A nationally known writer of novels, short stories, and domestic advice, Marion Harland (the pen name of Mary Virginia Hawes Terhune) was born early in the 19th century in the Amelia County community known as Dennisville (later Denaro).


  • Photograph of Mary Virginia Hawes Terhune, courtesy of the Library of Virginia.
    Photograph of Mary Virginia Hawes Terhune, courtesy of the Library of Virginia.
  • The Library of Virginia honored Mary Virginia Hawes Terhune as one of its Virginia Women in History in 2006.
    The Library of Virginia honored Mary Virginia Hawes Terhune as one of its Virginia Women in History in 2006.
  • The Virginia Women in History Digital Trail is made possible by the Library of Virginia and American Evolution: Virginia to America, 1619–2019.
    The Virginia Women in History Digital Trail is made possible by the Library of Virginia and American Evolution: Virginia to America, 1619–2019.

Under the pen name Marion Harland, Mary Virginia Hawes Terhune (1830–1922)  wrote more than seventy-five novels, memoirs, travel narratives, domestic manuals, etiquette books, and cookbooks in a career that spanned seventy-five years. She was born into a merchant family in Amelia County in 1830. Her parents, recognizing their daughter’s precociousness, hired tutors and briefly sent her to boarding school. In the mid-1840s the family moved to Richmond, where she attended a Presbyterian girls’ school and partook of the rich cultural life of the capital. In 1854 Hawes published her first novel, Alone, which received immediate public acclaim. She had written three more novels by 1860 and published stories in such national magazines as Godey’s Lady’s Book.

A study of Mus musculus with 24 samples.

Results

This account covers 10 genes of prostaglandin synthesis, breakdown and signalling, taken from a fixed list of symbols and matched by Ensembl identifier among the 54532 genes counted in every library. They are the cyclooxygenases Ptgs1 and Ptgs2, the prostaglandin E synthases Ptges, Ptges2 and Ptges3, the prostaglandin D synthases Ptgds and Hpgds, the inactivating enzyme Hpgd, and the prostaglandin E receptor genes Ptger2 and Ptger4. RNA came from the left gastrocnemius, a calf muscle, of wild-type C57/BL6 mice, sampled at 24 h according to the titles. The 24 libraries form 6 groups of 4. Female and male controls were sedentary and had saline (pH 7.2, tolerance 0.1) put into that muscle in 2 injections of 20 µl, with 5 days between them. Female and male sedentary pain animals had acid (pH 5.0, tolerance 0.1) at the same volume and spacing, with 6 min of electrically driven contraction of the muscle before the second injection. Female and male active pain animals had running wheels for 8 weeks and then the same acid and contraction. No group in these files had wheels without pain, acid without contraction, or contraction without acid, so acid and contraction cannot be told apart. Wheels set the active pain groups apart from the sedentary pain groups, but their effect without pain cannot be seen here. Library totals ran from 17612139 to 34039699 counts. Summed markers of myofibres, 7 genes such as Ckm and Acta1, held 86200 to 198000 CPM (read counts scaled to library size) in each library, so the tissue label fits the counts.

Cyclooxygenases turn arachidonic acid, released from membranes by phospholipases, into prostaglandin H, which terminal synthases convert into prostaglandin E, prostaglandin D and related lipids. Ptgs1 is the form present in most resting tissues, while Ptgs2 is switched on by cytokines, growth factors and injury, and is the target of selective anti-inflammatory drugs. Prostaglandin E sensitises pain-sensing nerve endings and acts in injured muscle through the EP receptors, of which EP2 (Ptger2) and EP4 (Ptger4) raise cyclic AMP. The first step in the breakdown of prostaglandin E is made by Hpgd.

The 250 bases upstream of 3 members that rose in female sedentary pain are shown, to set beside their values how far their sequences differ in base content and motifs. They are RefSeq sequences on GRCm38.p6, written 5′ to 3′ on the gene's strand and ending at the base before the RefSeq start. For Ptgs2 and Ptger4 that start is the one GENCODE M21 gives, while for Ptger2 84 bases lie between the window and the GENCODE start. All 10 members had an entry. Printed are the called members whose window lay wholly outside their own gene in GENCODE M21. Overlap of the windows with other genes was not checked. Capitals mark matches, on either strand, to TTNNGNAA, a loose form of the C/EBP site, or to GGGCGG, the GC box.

In 1856 Hawes married Edward Payson Terhune, a Presbyterian minister. They moved to Newark, New Jersey, shortly before the Civil War. Terhune shared her Virginia upbringing and lessons learned as a housewife and mother in Common Sense in the Household (1871). Her down-to-earth narrative with easy-to-follow recipes and domestic advice was an immediate bestseller, the first of many books in which she espoused the honorable profession of homemaking. Terhune also emphasized the importance of education for women. Travel in Europe to improve her health led Terhune to record her experiences abroad. She also wrote on historical themes, including The Story of Mary Washington (1892), undertaken to help raise funds for an unfinished monument to the first president’s mother. Terhune completed her last book, a novel, at age eighty-eight in spite of blindness. She died in 1922 in New York City.

Reprinted with permission of the Library of Virginia.